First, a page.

During our senior year at Wheaton College, Carolyn and I were soon to be married. We were planning our future and wondering what kind of career I might have. I remember saying something like, “The Lord has something in mind for me that’s so special, so unique, that I couldn’t possibly know what it is right now.” In reality, I had no idea which vocation to choose. I was stuck, about to graduate, and I couldn’t think of any good options!
At the time, I believed that all Christians were called to serve the Lord full-time by working for a church or other Christian organization. I considered these jobs sacred and any other work secular. I believed that God commanded all Christians to be pastors, missionaries, or employees of Christian organizations. In my view, Christians who did “secular” work were resisting God’s will. I pictured God wringing His hands and wishing he could just get more people to do the sort of work He really cared about. Surely God wanted me to do something “sacred,” but I couldn’t find any job leads in that arena.
I asked my dad about my conundrum and he completely shocked me by gently telling me that my viewpoint was wrong. Even though he had been a pastor, missionary, and full-time Christian worker, he believed that all work done by Christians is sacred. He gave me a book called Your Work Matters to God, which argues that God cares deeply about all types of work. He calls his children into a huge variety of fields. I agreed with the book and thought it was biblical, so I decided to open up my career search to any field of work.
As I read the job postings, I started in the “A” section and found that there were loads of openings for accountants. I thought, “Boy, if I knew how to do accounting, I could apply for all these jobs.” Also, my father-in-law was an accountant and he told lots of fun stories about the interesting characters he had served over the years. Being a music major, I had no business background.
I took the one accounting course at Wheaton College and was surprised to find that it made sense and was fascinating. Both the professor and my father-in-law were very encouraging to me as I considered accounting. My professor told me that accounting is much like music – it’s just a way of communicating. “Accountants tell the story of a business,” he said. I loved telling stories. I decided to go back to school and was surprised to learn that I enjoy accounting.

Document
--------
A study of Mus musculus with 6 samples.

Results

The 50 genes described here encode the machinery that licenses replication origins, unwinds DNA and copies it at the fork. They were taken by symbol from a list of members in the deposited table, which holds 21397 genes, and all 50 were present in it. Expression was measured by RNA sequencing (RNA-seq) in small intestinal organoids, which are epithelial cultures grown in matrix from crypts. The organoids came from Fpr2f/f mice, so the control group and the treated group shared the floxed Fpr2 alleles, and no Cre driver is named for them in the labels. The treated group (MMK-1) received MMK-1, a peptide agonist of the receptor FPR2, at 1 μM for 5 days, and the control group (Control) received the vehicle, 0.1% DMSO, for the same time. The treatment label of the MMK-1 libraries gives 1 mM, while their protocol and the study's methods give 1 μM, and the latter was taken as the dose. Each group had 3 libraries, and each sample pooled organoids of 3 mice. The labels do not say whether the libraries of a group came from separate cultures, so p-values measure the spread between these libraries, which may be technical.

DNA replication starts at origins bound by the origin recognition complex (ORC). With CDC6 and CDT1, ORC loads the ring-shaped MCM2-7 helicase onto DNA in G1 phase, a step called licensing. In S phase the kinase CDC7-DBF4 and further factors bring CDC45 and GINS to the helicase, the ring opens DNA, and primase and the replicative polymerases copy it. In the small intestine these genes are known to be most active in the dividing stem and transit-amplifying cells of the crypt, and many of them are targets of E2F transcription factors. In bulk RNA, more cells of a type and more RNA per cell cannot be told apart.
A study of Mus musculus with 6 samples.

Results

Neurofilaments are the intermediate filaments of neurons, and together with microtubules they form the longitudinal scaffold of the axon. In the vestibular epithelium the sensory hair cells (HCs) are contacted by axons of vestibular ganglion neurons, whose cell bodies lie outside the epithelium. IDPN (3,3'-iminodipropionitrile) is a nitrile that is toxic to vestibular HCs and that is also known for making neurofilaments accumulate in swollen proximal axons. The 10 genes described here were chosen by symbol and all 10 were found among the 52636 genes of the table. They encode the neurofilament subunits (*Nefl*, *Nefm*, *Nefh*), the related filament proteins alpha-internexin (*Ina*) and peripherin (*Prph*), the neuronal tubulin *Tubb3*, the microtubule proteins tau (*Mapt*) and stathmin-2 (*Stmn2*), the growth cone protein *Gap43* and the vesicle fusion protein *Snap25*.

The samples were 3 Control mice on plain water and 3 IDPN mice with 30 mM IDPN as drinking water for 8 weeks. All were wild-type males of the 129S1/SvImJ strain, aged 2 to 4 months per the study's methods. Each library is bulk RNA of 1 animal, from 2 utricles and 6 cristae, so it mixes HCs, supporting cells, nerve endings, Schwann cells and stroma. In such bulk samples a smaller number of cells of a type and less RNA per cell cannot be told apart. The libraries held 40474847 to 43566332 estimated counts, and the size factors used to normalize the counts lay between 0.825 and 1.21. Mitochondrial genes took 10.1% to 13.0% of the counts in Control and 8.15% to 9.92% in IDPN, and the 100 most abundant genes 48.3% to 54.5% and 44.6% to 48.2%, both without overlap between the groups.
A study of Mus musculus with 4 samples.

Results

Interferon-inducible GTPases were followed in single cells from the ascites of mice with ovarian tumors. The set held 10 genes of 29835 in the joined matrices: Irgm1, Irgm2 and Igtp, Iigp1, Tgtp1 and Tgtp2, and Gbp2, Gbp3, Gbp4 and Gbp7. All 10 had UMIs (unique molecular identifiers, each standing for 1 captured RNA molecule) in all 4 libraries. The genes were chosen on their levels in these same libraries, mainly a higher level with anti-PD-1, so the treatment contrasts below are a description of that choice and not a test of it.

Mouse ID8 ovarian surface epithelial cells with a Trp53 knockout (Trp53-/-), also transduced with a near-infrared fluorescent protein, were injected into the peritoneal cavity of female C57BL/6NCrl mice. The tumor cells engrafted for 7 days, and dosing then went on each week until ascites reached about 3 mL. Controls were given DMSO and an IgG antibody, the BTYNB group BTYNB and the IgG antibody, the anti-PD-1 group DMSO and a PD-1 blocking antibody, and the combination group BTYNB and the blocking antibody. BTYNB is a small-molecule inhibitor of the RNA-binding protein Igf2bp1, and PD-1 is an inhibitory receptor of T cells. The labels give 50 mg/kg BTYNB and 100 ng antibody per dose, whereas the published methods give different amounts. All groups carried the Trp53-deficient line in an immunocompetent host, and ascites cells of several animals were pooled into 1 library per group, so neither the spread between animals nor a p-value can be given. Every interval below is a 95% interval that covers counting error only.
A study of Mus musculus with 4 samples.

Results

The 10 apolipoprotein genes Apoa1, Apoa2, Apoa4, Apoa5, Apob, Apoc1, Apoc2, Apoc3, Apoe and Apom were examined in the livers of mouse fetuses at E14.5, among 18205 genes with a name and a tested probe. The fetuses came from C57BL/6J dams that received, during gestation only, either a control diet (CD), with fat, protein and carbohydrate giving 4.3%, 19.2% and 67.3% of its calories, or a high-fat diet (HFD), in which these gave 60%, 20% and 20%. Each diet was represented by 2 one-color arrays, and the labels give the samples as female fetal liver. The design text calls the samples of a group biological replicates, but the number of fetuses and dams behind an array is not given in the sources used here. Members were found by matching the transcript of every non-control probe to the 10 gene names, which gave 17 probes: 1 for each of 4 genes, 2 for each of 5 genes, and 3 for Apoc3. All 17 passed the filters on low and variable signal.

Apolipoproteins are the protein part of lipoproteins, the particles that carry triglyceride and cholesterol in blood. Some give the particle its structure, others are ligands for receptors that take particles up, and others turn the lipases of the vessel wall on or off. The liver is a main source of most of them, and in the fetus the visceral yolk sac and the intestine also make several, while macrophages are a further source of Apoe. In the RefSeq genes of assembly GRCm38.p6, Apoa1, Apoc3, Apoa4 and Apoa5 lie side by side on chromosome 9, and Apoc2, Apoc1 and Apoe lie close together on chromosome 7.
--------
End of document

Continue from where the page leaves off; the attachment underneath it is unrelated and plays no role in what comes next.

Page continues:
Through the years, I have really struggled to believe that my work is valuable to the Lord. One scripture that has really helped is Paul’s command to servants in Colossians 3:23-24: “Whatever you do, work heartily, as for the Lord and not for men, knowing that from the Lord you will receive the inheritance as your reward. You are serving the Lord Christ.” When we go about our daily work, no matter what it is, we are serving Christ. Whether we are washing dishes, changing diapers, delivering packages, crunching numbers, mowing grass, preaching the Word, repairing lawnmowers, caring for the sick, cleaning buildings, translating Bibles, serving food, playing music, building databases, selling things – whatever we are doing, Jesus sees it as service to Him, and He’s delighted when we offer our work as a love gift to Him. Jesus values all work very highly – He is a fellow worker and He loves to talk shop about any and every vocation. I often ask Him for help when I feel stuck or afraid, and He is always with me.
I now believe that all work that Christians do is sacred. When we work “as for the Lord,” we are serving the Lord, and He is delighted. This includes any task. I hope that you are encouraged as you read this. As a servant of God, your work matters greatly to Him. He loves us and aims to meet us in our work. As we serve Him through our work, we will know the joy of His smile.